Any writing which is done imaginatively is to express the situations artistically. “The purpose of creative writing is to both entertain and share human experience, like love or loss. Writers attempt to get at a truth about humanity through poetics and storytelling. If you’d like to try your hand at creative writing, just keep in mind that whether you are trying to express a feeling or a thought, the first step is to use your imagination.

In the past, creative writing was a mystery to me. I assumed that one day I would be asked to creatively write something and bells would go off in my brain, words would start spilling onto the page, and I would be enlightened with literary powers. I realize now that this sounds insane, but no one ever told me that I didn’t need to be enlightened to write something valuable.

I think I didn’t truly understand what creative writing was or how important it is until this summer when I participated in the Young Writers Workshop at John Carroll University in Cleveland. I spent two hours a day sitting on the floor with a pencil and notebook pondering over old memories, world issues, why the smell of coffee holds so much sentimental value, and what it was like to be alive during the French revolution. It didn’t matter what I wrote as long as it was relevant to me.

I believe creative writing is essential because it encourages the author to make mistakes. At an early age, we learn to avoid this as much as possible to the point where we stop ourselves from trying new things because we fear imperfection. If your standards for your work are unachievable, lower them. Write something with the knowledge that it will be terrible.

You can always revise it later and polish your ideas. Once there’s something on the page the words will come more easily. And don’t be afraid to write something stupid. The best story I read that week was started by the author imagining a giant warehouse where all the food served in school cafeterias is made. As long as it matters to you, it’s worth exploring.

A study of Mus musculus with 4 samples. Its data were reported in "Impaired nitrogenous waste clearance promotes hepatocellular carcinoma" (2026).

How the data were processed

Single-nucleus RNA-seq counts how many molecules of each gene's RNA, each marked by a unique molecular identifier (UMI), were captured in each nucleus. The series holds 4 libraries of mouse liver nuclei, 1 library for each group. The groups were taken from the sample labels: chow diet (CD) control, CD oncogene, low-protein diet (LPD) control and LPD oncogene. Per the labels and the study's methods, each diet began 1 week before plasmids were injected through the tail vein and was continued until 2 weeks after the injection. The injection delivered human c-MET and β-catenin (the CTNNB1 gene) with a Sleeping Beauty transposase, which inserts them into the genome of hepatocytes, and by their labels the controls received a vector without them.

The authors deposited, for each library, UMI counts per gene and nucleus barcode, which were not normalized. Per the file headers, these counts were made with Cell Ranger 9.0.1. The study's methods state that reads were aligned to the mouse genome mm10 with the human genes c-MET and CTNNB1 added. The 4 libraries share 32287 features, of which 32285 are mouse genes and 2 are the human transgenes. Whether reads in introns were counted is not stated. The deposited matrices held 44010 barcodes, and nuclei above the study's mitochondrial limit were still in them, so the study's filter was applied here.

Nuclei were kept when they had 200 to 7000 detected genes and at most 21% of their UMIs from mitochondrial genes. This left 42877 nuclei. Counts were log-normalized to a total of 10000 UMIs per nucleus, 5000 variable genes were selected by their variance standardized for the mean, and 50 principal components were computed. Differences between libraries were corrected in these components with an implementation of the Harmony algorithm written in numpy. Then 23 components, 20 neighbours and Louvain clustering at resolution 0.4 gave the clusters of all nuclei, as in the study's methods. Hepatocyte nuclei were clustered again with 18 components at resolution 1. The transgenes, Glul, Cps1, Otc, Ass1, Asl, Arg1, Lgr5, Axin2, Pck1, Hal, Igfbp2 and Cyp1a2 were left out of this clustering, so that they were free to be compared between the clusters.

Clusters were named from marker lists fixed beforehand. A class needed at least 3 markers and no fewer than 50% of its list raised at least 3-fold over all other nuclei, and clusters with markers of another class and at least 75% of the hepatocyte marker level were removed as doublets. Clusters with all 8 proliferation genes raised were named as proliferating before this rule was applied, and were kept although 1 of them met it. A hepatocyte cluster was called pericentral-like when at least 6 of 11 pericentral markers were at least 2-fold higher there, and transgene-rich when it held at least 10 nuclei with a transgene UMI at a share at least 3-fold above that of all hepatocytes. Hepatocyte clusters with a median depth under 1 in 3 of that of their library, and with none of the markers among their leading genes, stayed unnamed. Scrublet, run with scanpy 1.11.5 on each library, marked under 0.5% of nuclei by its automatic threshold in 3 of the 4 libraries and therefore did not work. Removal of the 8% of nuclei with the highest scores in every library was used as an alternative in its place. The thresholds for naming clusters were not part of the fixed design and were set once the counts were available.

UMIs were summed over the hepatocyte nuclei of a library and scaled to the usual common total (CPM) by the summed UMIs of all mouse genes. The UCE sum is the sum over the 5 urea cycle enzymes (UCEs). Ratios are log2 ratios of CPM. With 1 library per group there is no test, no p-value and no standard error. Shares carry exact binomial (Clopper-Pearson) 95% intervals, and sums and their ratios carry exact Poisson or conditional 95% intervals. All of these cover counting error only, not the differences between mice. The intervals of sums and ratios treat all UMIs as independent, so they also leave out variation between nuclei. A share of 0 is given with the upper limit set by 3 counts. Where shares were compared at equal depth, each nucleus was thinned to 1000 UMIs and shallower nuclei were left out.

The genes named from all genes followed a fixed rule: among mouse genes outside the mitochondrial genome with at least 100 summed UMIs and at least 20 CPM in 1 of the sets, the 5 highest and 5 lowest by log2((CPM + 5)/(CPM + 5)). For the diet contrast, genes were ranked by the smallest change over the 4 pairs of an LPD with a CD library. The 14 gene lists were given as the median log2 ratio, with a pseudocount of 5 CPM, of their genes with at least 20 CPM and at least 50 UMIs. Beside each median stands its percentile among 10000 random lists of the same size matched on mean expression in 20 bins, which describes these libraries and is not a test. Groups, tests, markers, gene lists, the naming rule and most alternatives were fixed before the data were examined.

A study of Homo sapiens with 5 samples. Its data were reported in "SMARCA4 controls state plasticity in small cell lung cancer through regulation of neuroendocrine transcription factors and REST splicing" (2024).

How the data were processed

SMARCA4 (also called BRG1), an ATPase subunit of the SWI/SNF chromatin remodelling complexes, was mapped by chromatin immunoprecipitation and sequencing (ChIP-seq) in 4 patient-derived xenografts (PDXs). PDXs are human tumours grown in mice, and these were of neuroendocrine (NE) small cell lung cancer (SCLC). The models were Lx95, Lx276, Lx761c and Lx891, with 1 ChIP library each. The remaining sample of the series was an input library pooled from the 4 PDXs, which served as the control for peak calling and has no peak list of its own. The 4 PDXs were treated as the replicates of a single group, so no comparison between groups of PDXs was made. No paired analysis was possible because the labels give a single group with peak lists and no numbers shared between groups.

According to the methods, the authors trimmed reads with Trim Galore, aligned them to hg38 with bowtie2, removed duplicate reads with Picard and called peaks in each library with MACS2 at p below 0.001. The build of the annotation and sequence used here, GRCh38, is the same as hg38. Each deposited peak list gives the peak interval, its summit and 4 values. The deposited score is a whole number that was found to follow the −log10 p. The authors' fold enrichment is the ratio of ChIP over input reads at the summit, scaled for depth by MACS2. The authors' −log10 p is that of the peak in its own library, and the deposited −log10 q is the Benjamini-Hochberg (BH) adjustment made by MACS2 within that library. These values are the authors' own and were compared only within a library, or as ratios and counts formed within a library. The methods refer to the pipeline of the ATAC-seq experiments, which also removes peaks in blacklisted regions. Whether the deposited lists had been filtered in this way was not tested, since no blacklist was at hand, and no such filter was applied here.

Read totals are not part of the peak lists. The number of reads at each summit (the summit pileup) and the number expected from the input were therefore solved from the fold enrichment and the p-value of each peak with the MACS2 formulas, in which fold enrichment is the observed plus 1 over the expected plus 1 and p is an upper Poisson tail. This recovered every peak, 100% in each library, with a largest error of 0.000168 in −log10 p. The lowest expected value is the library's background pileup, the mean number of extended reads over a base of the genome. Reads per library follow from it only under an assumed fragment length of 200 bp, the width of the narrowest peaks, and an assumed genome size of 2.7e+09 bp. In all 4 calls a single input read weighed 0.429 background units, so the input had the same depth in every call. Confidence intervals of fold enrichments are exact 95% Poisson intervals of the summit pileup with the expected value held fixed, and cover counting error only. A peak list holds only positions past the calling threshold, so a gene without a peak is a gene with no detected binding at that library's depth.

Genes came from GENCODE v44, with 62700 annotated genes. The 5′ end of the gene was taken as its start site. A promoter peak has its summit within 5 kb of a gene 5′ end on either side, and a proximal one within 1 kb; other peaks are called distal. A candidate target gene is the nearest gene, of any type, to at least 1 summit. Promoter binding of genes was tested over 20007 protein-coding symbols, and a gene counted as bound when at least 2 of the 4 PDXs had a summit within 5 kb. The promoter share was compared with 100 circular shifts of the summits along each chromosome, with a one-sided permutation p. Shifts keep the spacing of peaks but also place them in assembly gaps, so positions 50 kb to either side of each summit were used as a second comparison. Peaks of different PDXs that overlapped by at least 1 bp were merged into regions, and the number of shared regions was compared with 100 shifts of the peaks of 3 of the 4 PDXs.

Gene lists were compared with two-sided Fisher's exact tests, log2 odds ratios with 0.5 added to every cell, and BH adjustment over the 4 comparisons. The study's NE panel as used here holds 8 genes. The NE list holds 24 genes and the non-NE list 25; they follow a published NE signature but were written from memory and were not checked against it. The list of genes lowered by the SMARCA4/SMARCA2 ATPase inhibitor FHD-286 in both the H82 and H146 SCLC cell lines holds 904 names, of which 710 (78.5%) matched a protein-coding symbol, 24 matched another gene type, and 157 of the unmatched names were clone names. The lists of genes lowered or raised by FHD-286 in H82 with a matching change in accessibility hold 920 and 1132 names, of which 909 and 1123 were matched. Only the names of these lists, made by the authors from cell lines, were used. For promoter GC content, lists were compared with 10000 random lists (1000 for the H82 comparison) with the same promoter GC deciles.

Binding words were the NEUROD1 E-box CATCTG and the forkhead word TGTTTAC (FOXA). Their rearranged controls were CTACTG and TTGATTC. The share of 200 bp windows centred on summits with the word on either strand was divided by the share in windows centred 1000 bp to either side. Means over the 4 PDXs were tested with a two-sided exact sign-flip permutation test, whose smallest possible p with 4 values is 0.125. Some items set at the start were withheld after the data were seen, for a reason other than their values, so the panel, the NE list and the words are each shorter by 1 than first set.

You may not know it yet, but you are constantly immersed in creative writing. Your favourite books, of course, are the most obvious example, but did you ever notice that song lyrics count as poetry? Any type of script for a movie, play, or comedy routine is creative writing. Even memes are a good example. And where would we be without memes?

Creative writing is the one place where the ludicrous and the philosophical are equally valued as they should be.

As a practice creative writing is, to say the least, under-appreciated in France. It is a discipline that thrives in other countries, though it is largely ignored inside our borders.

As if here it were fractured into two different activities: on the one hand, academic writing which is valued for its structure, and on the other: creative writing which is side-lined, and supposedly does not lead to a full-time job. Hopefully, the trend is slowly changing.

The model, or what is happening next door:

In other countries, creative writing has been introduced in schools and universities as a new way to learn and develop oneself.

As an Erasmus student I have spent time at an Irish university and participated in two different approaches: a class entitled literary composition and a student group: The Writer’s Society, both based on the concept of creative writing.

At the university level, creative writing is encouraged as teachers push their students to learn how to write stories and to expand their vocabulary in a non-academic way while in an academic atmosphere; students also devote some of their free time to practicing and discussing writing among themselves. This way, students learn to be creative as well as structured.

French advances towards creative writing:

Inspired by the emergence of creative writing courses abroad, the French have also changed their habits and feelings towards writing at the university level. Thus creative writing is slowly being developed and accepted in French universities.

Creative but not only:

Creative writing is not only a means to help students unleash their creative side and feel more comfortable when writing in and about everyday life, but has also been proven to improve language learning.

At our very own university, creative writing has been used as a new approach to mastering a foreign language. For the past eight years, it has been a part of the English studies, implemented by Sara Greaves and Marie-Laure Schultze, both researchers teaching at Aix-Marseille University.

Their workshops are designed to offer an alternative method to learning and practicing English by appealing to the student’s imagination and feelings. The dissociation of form and meaning has a way of revitalizing language relationships and thus improving writing skills1.

By writing in a creative way instead of an academic one, students have to adjust their skills to make the language their own and open themselves to the otherness of the tongue.

The creative writing classes taking place at the AMU operate at the nexus between language, literature and translation classes. Creative writing at an academic level is more than just an asset: it is a flourishing discipline, helping students with their personal writing as well as academic writing, and has also proven to be very effective in language learning.”